Happisburgh lighthouse is located on the East Norfolk coast in the UK. This stretch of coast is notorious for its sandbanks and 70 sailing ships and 600 men were lost during a severe winter storm in 1789. As a direct consequence of these events the lighthouse was built the following year, 1790. Indeed, two were built at different heights but the lower of the two was demolished in 1883 when it was threatened by coastal erosion.
Despite being offiicially decomissioned in 1988, the lighthouse was ‘rescued’ by local enthusiasts and is the only independently operated lighthouse in the UK.
The tower is 85 feet tall and the lantern is 134 feet above sea level. Three white flashes are repeated every 30 seconds and the light can be seen for 18 miles. It is painted with red and white bands to distinguish it during the hours of daylight from a neighbouring lighthouse at Winterton.
This abstract image is derived from a photograph of dune grass.
See Abstract 182 for an introductory comment for this group of abstract images.
Filed under Abstract photos, Art, Colour, Nature, Pattern, photography, Sea, Sunlight, Texture, Uncategorized, Water
A few months ago I posted a series of images of tree bark. I have now brought them together to form a bark screen. I was, and still am, intrigued by the textures.
Click on the image to see the texture in greater detail.
See Abstract 182 for an introductory comment to this collection.
Often, when taking a photograph, we are consciously or unconsciously trying to capture more than just a visual image. We are attempting to capture an experience that impacts on two, three or even four of our senses – not just the visual. Consider, for example, the two images below and in each instance allow yourself to be there at the scene of the breaking waves – experience the force of the sea, hear the sound, taste the salt spray.
Or, enjoy the relaxing warmth of paddling through the shallow pools left by the ebbing tide on a warm summer’s day
It is Sunday morning in Santiago de Compostela and as the worshippers leave the cathedral after mass the rain falls
….. and falls
….. and continues to fall!
It was on the 5th November 1605 that a plot, the ‘Gunpowder Plot’, was foiled. The plan had been to assassinate King James I by blowing up the House of Lords during the State Opening of Parliament. But an anonymous letter led to the discovery of 36 barrels of gunpowder in the cellars, guarded by one of the conspirators, Guy Fawkes. Fawkes was arrested and found guilty of treason. His co-conspirators fled but were tracked down and were either shot or hanged.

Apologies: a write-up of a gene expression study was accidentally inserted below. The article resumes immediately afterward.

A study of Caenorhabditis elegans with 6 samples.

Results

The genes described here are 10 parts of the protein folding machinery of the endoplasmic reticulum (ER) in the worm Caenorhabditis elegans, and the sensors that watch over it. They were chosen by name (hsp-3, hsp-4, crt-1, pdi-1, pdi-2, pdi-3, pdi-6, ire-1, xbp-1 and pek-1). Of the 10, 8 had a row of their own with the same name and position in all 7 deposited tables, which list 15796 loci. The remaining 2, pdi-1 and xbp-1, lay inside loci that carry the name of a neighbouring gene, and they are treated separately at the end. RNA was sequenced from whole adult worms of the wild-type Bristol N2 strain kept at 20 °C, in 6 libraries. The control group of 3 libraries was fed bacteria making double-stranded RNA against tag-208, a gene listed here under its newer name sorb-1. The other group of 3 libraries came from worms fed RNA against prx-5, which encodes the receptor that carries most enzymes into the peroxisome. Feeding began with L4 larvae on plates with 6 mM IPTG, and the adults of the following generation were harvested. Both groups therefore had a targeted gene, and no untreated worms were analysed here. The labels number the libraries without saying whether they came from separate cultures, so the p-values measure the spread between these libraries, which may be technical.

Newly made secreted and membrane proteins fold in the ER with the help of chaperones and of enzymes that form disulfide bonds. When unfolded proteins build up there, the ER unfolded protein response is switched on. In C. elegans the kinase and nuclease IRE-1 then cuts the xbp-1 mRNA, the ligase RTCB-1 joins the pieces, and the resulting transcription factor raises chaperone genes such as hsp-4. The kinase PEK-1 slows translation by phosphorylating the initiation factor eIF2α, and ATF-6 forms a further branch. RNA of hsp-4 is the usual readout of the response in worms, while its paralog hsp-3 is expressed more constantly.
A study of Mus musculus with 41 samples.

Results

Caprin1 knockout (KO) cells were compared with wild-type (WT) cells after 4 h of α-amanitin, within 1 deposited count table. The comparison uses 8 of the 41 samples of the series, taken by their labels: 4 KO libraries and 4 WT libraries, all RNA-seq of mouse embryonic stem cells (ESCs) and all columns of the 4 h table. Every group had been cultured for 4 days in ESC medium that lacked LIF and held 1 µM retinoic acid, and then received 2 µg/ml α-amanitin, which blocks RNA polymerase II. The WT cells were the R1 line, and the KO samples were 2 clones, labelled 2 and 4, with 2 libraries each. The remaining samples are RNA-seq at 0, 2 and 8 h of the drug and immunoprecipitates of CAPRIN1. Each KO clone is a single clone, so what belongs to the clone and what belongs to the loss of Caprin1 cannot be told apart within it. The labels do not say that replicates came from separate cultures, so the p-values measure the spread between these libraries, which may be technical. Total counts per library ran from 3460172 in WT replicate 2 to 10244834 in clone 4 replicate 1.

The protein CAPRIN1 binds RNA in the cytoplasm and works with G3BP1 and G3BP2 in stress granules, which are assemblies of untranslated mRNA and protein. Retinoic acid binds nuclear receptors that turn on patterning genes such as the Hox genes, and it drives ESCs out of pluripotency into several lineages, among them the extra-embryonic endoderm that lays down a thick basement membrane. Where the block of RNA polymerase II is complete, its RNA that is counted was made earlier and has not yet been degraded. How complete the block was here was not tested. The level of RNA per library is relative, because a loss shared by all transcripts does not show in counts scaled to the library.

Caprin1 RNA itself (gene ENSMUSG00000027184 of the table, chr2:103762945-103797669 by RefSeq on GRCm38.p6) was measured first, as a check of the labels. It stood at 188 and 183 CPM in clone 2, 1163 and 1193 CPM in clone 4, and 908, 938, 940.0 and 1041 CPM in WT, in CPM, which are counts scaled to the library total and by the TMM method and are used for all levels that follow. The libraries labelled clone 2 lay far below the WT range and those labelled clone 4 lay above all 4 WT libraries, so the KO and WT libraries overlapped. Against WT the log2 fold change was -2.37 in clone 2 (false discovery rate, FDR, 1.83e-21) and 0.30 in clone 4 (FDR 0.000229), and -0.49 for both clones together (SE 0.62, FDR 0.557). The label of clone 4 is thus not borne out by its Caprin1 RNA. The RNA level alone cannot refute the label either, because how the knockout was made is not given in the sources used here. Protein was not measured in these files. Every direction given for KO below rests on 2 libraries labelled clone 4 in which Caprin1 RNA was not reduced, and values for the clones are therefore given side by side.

News of the plot’s failure spread quickly and bonfires were lit in joyful celebration.. Indeed, in January 1606 the king ordered that henceforth the people of England should have a great bonfire every year on the night of 5th November. It became traditional to place an effigy of Guy Fawkes on top of the fire, sometimes accompanied by an effigy of the pope.
Now, bonfire night, though still widely observed, is simply a pleasant social occasion – an excuse for extravagant firework displays.
The pictures below are from our own small village bonfire celebration, held a few evenings ago.
A soup can is a familiar object – perhaps too familiar! Certainly when experimenting with the images below I became aware of features I had not previously given thought to. In addition, the circles in various forms and perspectives provided an interesting compositional element. Colour v black and white? I’m still undecided – but here are four different interpretations.
The preliminaries of Autumn are now over. The clocks have changed, resulting in a closing in of the end of the day, the stronger winds have removed most of the leaves from the trees and now just a few colourful stragglers remain.
There is something primitive or occult about the dancing I see taking place in this image. It evokes links with Stravinsky’s ‘Rite of Spring’ or Saint-Saëns’ ‘Dance Macabre’. (Perhaps I still have echoes of Halloween in my mind!) But, of course, it doesn’t have to do either! It is a perfectly satisfying abstract pattern without recourse to any narrative.
The recent post of grasses in the breeze reminded me of a photograph taken a few years ago on the Mediterranean island of Ibiza. This scrubby little pine may be basking in warm sun but its shape provides a clear indication of the direction and force of the winds it endures.